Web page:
The state of SNES development
Evan Gowan knows a thing or two about the SNES. Running the SNES Central website and forum, he has seen and heard about most recent developments on the system.
“Nightmare Busters is kind of a unique case,” says Gowan, “as it was an essentially complete game that was produced with official tools during the 1990s. You won’t find many homebrew projects that reach its scope anytime in the near future.”
Gowan is little concerned about the final version of Nightmare Busters, having previously played the leaked prototype. “I don’t know if Super Fighter Team fixed some of the gameplay issues with the game,” he says. “The A.I. in the prototype was extremely unbalanced and led to many deaths that were not possible to avoid.”
Brandon Cobb remains tight-lipped about any changes to the game, and the question that Gowan poses remains unanswered for now. “We’ll make that announcement [about alterations from the previous build] to our customers directly before we make it to the press,” says Cobb.
The SNES is really lagging behind other retro consoles when it comes to contemporary releases, but this doesn’t surprise Gowan. “The homebrew scene for the SNES isn’t really that advanced,” he says. “There are few tools available to aid in development, meaning that you have to do most things in assembly code. You won’t find many people tackling that today, especially given the ease of doing SNES-style games for systems like the Game Boy Advance.”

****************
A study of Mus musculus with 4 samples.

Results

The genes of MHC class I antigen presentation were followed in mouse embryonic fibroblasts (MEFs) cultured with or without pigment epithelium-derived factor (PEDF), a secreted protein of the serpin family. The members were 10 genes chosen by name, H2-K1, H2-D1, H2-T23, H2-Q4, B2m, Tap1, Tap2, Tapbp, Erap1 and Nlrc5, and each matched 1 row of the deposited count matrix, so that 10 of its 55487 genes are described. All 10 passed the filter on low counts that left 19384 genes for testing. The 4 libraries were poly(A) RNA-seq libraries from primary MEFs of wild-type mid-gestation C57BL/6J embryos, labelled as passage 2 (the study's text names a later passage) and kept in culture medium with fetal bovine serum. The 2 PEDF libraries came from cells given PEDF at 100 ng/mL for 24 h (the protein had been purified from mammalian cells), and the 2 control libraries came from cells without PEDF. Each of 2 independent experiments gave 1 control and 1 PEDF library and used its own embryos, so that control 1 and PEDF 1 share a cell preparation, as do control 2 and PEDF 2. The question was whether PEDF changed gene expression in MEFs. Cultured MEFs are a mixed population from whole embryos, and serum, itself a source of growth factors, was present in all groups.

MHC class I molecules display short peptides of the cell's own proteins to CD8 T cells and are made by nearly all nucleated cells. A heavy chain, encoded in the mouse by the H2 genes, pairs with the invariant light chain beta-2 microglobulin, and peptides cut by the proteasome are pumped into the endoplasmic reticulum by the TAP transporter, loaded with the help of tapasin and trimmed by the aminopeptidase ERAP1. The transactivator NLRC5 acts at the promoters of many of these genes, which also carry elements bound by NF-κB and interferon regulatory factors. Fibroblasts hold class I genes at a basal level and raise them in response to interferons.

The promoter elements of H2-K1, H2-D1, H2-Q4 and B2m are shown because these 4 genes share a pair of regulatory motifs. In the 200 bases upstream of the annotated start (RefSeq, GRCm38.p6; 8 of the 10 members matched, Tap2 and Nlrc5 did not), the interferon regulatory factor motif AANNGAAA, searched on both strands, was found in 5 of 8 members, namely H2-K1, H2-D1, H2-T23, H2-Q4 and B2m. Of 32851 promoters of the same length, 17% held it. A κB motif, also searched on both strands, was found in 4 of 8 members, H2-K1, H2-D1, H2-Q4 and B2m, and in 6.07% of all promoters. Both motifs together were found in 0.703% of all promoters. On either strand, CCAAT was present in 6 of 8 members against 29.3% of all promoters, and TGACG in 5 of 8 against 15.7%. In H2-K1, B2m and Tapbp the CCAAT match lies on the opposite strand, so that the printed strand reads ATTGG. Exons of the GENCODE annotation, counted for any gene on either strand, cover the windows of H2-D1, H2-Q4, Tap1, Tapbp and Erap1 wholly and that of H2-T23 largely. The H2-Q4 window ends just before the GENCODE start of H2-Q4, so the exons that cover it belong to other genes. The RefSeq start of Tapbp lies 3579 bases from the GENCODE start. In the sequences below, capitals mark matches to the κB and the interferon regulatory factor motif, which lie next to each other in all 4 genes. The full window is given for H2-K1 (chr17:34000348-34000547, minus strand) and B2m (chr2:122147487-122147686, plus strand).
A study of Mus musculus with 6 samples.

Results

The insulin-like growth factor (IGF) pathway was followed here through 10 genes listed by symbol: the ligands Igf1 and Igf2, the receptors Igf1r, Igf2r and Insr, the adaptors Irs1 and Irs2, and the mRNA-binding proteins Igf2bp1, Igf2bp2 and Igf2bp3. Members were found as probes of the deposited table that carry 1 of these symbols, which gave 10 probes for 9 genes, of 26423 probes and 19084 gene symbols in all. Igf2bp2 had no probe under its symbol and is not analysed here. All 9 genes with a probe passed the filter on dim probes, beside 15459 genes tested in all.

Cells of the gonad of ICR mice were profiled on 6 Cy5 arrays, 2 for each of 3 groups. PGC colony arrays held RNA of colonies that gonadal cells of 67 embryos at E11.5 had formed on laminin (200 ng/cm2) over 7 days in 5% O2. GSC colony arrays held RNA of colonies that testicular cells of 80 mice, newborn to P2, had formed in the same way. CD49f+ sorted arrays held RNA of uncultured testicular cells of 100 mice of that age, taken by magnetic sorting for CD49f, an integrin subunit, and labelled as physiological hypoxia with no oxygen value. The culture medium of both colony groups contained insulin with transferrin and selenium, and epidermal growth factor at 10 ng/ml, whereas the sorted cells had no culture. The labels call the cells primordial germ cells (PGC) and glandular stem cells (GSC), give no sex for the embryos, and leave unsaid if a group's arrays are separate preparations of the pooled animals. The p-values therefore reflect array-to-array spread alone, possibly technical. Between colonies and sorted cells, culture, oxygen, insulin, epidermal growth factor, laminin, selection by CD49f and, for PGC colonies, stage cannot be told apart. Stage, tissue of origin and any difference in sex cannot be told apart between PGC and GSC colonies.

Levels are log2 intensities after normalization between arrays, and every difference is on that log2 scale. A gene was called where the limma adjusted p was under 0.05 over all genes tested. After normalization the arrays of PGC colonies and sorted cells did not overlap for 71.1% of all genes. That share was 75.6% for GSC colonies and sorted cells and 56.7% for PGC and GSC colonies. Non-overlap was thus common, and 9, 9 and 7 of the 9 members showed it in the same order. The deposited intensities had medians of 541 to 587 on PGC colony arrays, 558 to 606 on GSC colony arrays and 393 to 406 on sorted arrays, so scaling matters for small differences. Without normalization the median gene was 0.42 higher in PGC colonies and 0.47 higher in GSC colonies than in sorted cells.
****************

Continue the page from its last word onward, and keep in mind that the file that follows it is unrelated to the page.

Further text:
Gowan says that the SNES architecture, along with a lack of available documentation, have been really restrictive when it comes to producing new titles. “Determined programmers have done a few demos, but making full games is fairly difficult without a team,” he says.
Luckily, a team of developers is doing exactly that.
Independent game studio WaterMelon Games is looking to prove that SNES development is not only still possible but that it can also be commercially successful. A small but dedicated development team, with acclaimed 2010 Sega Genesis release Pier Solar already under its belt, WaterMelon is now taking on the SNES.
The studio is taking a unique approach to development with its Magical Game Workshop, allowing the community to “buy in” to the decision-making process. For Project N, that first, biggest, decision was to target the Super Nintendo.
“When the Magical Game Factory went live, it was a blank slate,” said WaterMelon president Tulio Adriano and Creative Director Gwenael Godde. “It could turn to be anything. The first project, Project Y, started with a poll to select the platform. There were many choices, including Xbox and PC, but the poll finished with Mega Drive as the winner. Super Nintendo was second place”
Project N, however, saw the Super Nintendo coming out on top. “Listening the voice of our customers, we booted Project N as a Super Nintendo game,” say Adriano and Godde.
Decisions have since been made about the genre, art style, and even the cartridge design of Project N. With such a creativity democracy, is there anything in place to stop the game going awry? “Although the members make the decisions,” say Adriano and Godde, “it’s still WaterMelon that provide the polls, the questions, and the answers. We give a wide range of options, but we also are careful enough to create options that make sense with the previously answered polls. In that way we can be sure we won’t have a game that ends up a disaster.”